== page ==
APR 25, 2018
The incredible truth of US fiat currency policy is this: It will go on as long as people believe it is sustainable. The reality is that it is not. But perception, not reality, allows the printing presses to keep churning out worthless slips of paper to which people mistakenly assign value.
Fiat currency is debt that is only as good as the issuer’s ability to make good on that debt. The US has no way to pay the principal of its $20T debt. It only has currency to pay interest on that debt because it creates it out of thin air.
The belief that the US dollar is worth anything should derive from the belief that eventually, the US government will stop printing money, run a surplus, and be able to pay off what it already owes.
If one doesn’t believe this will happen, by definition, they should believe the US dollar will eventually default.
Central banks’ market manipulations have succeeded in fending off credit defaults on a grand scale: Policymakers have cut interest rates dramatically and injected new cash into the banking system. In retrospect, it is clear why these operations have prevented the debt pyramid from crashing down: 2008/2009 was a “credit crisis.”
Investors were afraid that states, banks, consumers, and companies might no longer be able to afford their debt service — meanwhile, investors did not fear that inflation could erode the purchasing power of their currencies as evidenced by dropping inflation expectations in the crisis period.
Central banks can no doubt cope with a credit default scenario: As the monopoly producer of money, central banks can provide financially ailing borrowers with any amount deemed necessary to keep them afloat. Cheap and easy central bank funding prompted lenders and borrowers to jump right back into the credit market. The debt binge could go on.
Monetary policymakers’ unprecedented market interventions have not only prevented the global debt pyramid from crashing down, but they have also set into motion a renewed economic upswing (“boom”), which, however, has increased the world economy’s debt load significantly. From the end of 2007 to the third quarter of 2017, global debt has risen by almost 35 percentage points to 245 percent of global GDP.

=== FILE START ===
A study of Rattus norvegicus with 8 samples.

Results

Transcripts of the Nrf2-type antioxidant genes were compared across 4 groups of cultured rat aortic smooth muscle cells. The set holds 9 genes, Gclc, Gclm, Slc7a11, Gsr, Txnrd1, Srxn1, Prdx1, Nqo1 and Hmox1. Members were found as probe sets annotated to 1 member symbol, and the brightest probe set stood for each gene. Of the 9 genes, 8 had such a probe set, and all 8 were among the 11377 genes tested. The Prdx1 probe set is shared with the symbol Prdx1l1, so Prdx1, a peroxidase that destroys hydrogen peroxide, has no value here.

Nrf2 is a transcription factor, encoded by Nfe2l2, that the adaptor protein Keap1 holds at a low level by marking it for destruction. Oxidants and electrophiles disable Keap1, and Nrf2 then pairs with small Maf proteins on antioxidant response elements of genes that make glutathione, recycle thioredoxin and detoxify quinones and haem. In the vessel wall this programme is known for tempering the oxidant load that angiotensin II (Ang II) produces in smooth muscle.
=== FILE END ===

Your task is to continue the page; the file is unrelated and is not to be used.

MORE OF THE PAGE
How long can an inflation policy last? Mises answers:
Probably as long as people are convinced that the government, sooner or later, but certainly not too late, will stop printing money and thereby stop decreasing the value of each unit of money. When people no longer believe this, when they realize that the government will go on and on without any intention of stopping, then they begin to understand that prices tomorrow will be higher than they are today. Then they begin buying at any price, causing prices to go up to such heights that the monetary system breaks down.
It does not have to end this way, though. Inflation is a man-made policy, and it can be put to a halt at any time. Unfortunately, the support for ending inflating the economies is still pretty small — from academia, politicians, and the public at large.
The concern that it might be a currency crisis that could eventually bring down the fiat money system is by no means an exaggeration.